Dioxins and Port Jackson
Concerns arose in 2005 about levels of dioxin in seafood in the Sydney Harbour/Parramatta River area. Testing of seafood species resulted in consumer dietary advice to limit consumption.
Test results for Sydney Harbour / Parramatta River seafood
2007 test results
Tests by NSW Department of Primary Industries have established dioxin levels in 2 additional species: Dusky flathead and Fan-belly Leatherjackets. These have been added to the consumer dietary advice.
2006 test results
In 2006, the NSW Department of Primary Industries tested a range of common recreational species. These results were used by an Expert Panel to recommend the consumer dietary advice.
2005 testing of bream and prawns
Results for both Bream and Prawns are summarised in the charts below. Please note Homebush Bay has been closed to fishing since 1989.
A number of samples were taken from each location.
There are many types of dioxins. The information below is calculated using 29 of the most toxic dioxins present and weighting each based on its toxicity.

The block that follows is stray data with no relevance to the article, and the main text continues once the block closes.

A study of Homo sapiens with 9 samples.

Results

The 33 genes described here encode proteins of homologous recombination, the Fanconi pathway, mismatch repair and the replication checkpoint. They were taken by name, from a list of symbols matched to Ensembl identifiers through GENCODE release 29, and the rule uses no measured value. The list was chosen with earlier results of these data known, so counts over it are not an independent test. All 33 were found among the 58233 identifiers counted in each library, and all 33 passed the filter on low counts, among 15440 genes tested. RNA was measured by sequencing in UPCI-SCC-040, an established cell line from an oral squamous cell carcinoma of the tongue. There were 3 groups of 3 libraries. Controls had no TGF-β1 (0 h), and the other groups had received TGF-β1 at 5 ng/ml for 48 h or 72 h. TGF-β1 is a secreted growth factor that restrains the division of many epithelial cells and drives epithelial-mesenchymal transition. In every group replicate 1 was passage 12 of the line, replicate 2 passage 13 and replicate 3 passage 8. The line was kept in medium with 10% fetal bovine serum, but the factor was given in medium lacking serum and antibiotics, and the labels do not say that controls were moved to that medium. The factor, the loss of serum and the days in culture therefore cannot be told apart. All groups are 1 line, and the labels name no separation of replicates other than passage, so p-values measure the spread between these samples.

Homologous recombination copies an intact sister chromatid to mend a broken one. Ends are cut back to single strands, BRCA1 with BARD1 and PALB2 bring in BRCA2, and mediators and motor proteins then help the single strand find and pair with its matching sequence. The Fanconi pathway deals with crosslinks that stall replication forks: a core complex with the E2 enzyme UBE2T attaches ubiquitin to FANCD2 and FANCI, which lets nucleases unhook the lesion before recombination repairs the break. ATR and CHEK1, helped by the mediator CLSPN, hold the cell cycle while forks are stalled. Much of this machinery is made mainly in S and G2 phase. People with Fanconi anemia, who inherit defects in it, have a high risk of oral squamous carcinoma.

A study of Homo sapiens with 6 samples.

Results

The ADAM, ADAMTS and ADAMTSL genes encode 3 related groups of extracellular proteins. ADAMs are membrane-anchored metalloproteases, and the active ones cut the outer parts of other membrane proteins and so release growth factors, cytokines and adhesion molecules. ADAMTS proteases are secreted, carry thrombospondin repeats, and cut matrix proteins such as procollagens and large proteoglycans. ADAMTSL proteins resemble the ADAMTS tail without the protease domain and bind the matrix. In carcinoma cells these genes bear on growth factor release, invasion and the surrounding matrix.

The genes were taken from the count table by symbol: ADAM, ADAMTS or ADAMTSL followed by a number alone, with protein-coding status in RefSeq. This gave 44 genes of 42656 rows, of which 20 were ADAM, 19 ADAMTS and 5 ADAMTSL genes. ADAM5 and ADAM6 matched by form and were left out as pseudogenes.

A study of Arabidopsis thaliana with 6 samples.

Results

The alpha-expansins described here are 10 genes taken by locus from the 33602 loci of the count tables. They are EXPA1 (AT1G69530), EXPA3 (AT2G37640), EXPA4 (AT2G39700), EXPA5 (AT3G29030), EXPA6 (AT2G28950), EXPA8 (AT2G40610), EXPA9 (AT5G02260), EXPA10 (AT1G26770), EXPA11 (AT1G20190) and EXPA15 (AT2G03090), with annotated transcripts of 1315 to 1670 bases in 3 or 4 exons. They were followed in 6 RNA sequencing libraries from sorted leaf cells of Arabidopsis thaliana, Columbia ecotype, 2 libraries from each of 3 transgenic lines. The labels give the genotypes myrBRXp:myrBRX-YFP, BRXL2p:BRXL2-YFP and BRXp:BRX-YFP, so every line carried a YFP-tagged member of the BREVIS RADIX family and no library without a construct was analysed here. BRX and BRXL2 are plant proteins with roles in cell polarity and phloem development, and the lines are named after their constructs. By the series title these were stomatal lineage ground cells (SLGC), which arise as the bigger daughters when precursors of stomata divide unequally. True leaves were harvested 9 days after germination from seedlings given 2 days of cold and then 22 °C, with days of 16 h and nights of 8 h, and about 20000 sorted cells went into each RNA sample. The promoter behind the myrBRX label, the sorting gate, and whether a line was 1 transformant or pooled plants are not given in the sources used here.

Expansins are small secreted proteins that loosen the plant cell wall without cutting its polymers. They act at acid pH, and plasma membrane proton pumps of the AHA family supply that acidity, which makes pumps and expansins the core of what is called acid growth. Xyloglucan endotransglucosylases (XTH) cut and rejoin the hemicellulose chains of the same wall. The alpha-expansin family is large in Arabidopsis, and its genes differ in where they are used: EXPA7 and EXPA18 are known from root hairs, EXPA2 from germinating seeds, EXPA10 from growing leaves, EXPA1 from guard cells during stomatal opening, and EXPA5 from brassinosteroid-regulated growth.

What do the results tell me?
The results show all edible samples of seafood from Port Jackson are above the current European Union limit for dioxins in food.
Greasyback prawns are low, but these are usually only taken for use as bait.
The European Union limit for dioxins in food is 4TEQpicogram of dioxins per gram of seafood (marked by a green line in the charts above). This is a measure of the amount of dioxin in fish or prawn tissues. One picogram per gram is equivalent to one part per trillion.
There is no consistent international standard on dioxin levels. For example, as mentioned above, the European Union has a limit of 4TEQpicogram of dioxins per gram of seafood , while the USA previously had a limit of 50 part per trillion although withdrew it in favour of dietary advice. Australia has no maximum standard. The Government has closed the Harbour as a precautionary measure.
The Expert Panel’s dietary information presented above was calculated from these results. This was done by averaging the result for bream and prawns across the waterway (Port Jackson) and then determining an amount of seafood from the waterway people can safely consume each month. It should be noted that occasionally exceeding this advice per month would not be likely to result in a significant health risk.